Silencing Science Tracker

NASA Budget Cuts Proposed for FY19

On February 12, 2018, the White House Office of Management and Budget (OMB) released the Trump administration’s proposal for the budget of the U.S. government for fiscal year (FY) 2019. The budget proposes a 0.3% reduction in funding for the National Aeronautics and Space Administration (NASA) (compared to FY2017 levels). When amounts allocated under the 2018 Bipartisan Budget Act are taken into account, NASA would see its funding increase by approximately $0.3 billion or 1.3% (compared to FY2017).

Under the FY2019 budget proposal, funding for a number of key NASA programs would be reduced or terminated. Most notably, the budget proposes to end funding for the international space station (ISS) by 2025. It provides $150 million to begin a program that would encourage commercial development of capabilities that the National Aeronautics and Space Administration (NASA) can use in place of the ISS. According to a report in the Washington Post, NASA is exploring the possibility of privatizing the ISS, with internal documents stating:

“The decision to end direct federal support for the ISS in 2025 does not imply that the platform itself will be deorbited at that time — it is possible that industry could continue to operate certain elements or capabilities of the ISS as part of a future commercial platform . . . NASA will expand international and commercial partnerships over the next seven years in order to ensure continued human access to and presence in low Earth orbit.”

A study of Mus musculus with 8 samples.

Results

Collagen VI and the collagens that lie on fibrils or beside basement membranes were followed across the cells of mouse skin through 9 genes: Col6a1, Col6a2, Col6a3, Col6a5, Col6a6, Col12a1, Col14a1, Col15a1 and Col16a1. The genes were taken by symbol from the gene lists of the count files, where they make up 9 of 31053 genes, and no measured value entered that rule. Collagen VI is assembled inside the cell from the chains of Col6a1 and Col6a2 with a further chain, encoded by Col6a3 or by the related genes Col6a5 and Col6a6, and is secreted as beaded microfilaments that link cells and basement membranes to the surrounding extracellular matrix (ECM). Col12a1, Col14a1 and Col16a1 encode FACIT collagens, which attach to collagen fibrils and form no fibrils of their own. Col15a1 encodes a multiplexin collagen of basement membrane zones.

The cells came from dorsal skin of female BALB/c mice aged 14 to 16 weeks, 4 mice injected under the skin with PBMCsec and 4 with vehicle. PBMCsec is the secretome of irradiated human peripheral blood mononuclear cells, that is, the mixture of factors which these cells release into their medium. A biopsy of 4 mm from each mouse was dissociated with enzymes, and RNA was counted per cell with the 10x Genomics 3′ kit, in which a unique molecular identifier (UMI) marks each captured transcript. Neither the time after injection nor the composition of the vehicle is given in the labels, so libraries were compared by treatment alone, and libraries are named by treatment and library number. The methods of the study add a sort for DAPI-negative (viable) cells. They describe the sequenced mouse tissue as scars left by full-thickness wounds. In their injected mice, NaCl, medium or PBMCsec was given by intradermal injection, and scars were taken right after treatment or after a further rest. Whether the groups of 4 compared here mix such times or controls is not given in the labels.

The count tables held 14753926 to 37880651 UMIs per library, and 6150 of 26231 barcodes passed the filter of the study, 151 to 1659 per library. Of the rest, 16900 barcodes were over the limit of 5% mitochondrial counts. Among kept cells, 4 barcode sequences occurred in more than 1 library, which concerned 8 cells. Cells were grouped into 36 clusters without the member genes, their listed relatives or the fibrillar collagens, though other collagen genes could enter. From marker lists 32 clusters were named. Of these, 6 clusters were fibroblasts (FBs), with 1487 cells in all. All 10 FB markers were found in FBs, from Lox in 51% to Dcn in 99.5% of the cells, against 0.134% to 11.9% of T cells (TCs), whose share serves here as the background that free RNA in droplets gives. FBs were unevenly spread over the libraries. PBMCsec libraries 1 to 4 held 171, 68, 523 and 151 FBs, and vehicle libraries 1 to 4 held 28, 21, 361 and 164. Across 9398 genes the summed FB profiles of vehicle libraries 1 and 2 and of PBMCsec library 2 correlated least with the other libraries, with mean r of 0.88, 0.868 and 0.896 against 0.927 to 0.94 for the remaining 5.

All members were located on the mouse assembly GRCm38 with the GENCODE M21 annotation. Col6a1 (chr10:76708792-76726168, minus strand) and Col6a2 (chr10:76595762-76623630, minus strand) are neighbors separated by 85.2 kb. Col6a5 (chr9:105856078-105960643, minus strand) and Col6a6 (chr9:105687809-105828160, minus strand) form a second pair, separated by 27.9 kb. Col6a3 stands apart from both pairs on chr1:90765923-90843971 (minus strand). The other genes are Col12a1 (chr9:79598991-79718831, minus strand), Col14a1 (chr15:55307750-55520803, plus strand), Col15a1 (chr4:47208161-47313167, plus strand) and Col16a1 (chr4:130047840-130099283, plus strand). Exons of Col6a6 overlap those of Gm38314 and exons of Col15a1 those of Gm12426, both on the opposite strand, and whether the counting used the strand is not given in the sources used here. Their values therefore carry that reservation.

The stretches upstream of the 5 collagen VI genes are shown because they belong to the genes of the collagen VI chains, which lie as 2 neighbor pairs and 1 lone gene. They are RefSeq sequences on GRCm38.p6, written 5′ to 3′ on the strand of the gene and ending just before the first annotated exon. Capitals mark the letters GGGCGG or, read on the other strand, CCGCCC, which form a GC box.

The budget also proposes that NASA increase reliance on commercially-operated satellites. The budget would reduce funding for “NASA’s current Government owned and operated fleet of communications satellites and associated ground stations” and cancel, “pending an independent review, an overbudget project to upgrade the current” fleet.

The budget also proposes to cut funding for NASA’s Earth Sciences research program by approximately 6% and its Astrophysics program by 12%. Five Earth Science missions—PACE, OCO-3, RBI, DSCOVR Earthviewing instruments, and CLARREO Pathfinder—would be terminated along with and one Astrophysics project—the Wide-Field Infrared Survey Telescope (WFIRST).

Update: On September 28, 2018, President Trump signed H.R. 6157 (Department of Defense and Labor, Health and Human Services, and Education Appropriations Bill, 2019 and Continuing Appropriations Bill, 2019) into law. Division C of H.R. 6157 provides continuing appropriations for NASA and certain other federal agencies through December 7, 2018. Most NASA projects and activities are funded at FY2018 levels.

On December 8, 2018, funding for NASA and certain other federal agencies lapsed, leading to a partial federal shutdown government. After 35 days, on January 25, 2019, President Trump signed H.J. Res. 28 into law. The resolutiion provides continuing appropriations for various federal agencies through February 15, 2019.

On February 15, 2019, President Trump signed H.J. Res. (known as the “Consolidated Appropriations Act, 2019”) into law. The Act funds NASA and certain other federal agencies through FY2019. In that year, NASA will receive total funding of $21.5 billion, up $764 million from FY2018 levels.